Go to see Picasso Portraits in London


national-gallery-in-trafalgar-square

The gallery will be showcasing the collection, known simply as Picasso Portraits, until January 2017, so there will be plenty of time for you to get to see these magnificent pieces of work.

Although there have been many exhibitions showing off Picasso’s art and lots of museums purely dedicated to his process, this offering by the National Portrait Gallery attempts to show the sheer variety and innovation he gave the world.

What will I see?

All periods of his work are going to be shown in Picasso Portraits, from the earliest to the very latest people he painted. You can expect to see a moving self-portrait that provides an introspective look of how he viewed himself in his younger years.

This won’t just be in the one space either, as you will move between different rooms to explore the different times of his life and how this affected his painting.

Enjoy the work of a young Pablo in Paris that depicts a world of art, friends and partying, which sounds stunning, although in reality some of it borders on the fascinatingly grotesque.

Cubism

Of course, Picasso is perhaps best known for his part in the Cubism movement and you’ll see so much of this in the exhibition. This is thanks in no small part to model Fernande Olivier, who features heavily throughout Picasso’s works. Some even say that she was a major influence on his road to success and artistic greatness.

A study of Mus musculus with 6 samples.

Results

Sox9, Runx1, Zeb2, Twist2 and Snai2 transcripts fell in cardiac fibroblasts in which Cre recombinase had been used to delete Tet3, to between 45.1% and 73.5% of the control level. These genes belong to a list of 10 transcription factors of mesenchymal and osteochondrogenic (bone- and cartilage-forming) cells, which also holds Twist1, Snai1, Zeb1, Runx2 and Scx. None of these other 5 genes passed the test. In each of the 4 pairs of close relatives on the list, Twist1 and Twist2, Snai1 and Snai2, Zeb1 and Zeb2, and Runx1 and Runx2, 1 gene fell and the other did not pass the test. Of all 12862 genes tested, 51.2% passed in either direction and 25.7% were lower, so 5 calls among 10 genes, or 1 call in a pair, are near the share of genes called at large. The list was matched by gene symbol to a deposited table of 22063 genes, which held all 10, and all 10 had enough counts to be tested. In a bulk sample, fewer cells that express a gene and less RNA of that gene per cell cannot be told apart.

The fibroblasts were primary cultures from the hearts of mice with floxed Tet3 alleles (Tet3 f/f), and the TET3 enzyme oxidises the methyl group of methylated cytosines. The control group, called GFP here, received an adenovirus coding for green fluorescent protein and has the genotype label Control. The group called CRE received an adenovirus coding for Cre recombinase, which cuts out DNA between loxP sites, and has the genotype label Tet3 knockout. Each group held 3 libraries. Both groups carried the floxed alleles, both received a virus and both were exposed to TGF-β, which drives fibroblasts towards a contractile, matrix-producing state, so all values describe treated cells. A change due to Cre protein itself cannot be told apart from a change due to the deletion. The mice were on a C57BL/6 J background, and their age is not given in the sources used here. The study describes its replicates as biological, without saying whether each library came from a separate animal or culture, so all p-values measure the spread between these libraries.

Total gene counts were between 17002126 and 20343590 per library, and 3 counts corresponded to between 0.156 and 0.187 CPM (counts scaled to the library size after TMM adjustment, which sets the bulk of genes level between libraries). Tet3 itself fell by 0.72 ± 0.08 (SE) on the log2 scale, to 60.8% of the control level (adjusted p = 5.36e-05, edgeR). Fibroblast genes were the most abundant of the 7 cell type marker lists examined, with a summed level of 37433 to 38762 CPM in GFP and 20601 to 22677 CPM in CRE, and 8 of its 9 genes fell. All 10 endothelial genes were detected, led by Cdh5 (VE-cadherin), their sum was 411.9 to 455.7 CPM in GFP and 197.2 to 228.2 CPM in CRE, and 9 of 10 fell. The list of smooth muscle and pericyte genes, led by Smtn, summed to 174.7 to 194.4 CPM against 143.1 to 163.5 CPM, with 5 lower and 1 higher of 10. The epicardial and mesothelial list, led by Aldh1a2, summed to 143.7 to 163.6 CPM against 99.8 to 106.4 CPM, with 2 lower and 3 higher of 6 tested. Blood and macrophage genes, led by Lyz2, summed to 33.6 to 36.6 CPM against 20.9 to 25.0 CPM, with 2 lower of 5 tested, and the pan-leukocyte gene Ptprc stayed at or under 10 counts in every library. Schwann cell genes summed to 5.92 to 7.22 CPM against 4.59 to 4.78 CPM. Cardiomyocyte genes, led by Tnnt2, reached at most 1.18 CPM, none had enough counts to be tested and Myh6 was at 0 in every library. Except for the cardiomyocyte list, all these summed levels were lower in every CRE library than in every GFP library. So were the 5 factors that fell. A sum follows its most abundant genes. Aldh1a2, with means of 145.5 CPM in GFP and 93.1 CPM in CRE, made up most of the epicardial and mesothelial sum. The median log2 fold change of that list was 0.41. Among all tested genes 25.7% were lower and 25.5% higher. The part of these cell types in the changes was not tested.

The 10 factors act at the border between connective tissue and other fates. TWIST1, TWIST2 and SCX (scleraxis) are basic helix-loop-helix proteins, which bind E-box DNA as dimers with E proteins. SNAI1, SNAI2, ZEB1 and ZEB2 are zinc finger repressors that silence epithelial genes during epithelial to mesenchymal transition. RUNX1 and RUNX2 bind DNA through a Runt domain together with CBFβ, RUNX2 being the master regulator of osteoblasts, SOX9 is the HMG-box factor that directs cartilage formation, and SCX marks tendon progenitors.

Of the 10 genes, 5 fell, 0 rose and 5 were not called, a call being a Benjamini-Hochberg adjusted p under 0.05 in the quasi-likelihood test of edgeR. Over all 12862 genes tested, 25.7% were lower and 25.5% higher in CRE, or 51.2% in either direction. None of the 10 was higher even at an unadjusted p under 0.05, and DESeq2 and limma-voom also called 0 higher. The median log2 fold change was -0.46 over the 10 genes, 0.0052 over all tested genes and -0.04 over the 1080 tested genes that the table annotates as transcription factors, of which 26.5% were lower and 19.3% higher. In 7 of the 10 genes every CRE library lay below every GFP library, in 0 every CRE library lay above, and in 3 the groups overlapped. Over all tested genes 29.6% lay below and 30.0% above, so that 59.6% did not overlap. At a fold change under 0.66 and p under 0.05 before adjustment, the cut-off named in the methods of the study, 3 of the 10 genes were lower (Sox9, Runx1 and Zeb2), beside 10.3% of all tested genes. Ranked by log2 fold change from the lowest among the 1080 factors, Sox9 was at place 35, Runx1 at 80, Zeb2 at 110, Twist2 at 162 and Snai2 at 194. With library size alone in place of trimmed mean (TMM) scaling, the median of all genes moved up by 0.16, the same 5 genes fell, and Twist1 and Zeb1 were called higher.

Caricatures

The corridor of caricatures are a display that you might be less familiar with when it comes to Picasso. People often see these as interesting rather than as depictions of artistic brilliance, but you can make this decision for yourself when you stroll along the section.

Most of the caricatures are completely unflattering portraits of his first wife Olga; Picasso was known for his questionable treatment of women, so you can draw your own conclusions about how he might have viewed her.

More women

As badly as he may have treated women, there is no doubt that Picasso had a fixation on them, and the last room of the exhibition perfectly reflects this. The collection shows his process from marriage to affair and back again, including paintings of Dora Maar and Marie-Therese Walter, among others.

You’ll see intense beauty mixed with twisted perceptions in this final stage of his portraiture, but be assured that all of it is fascinating.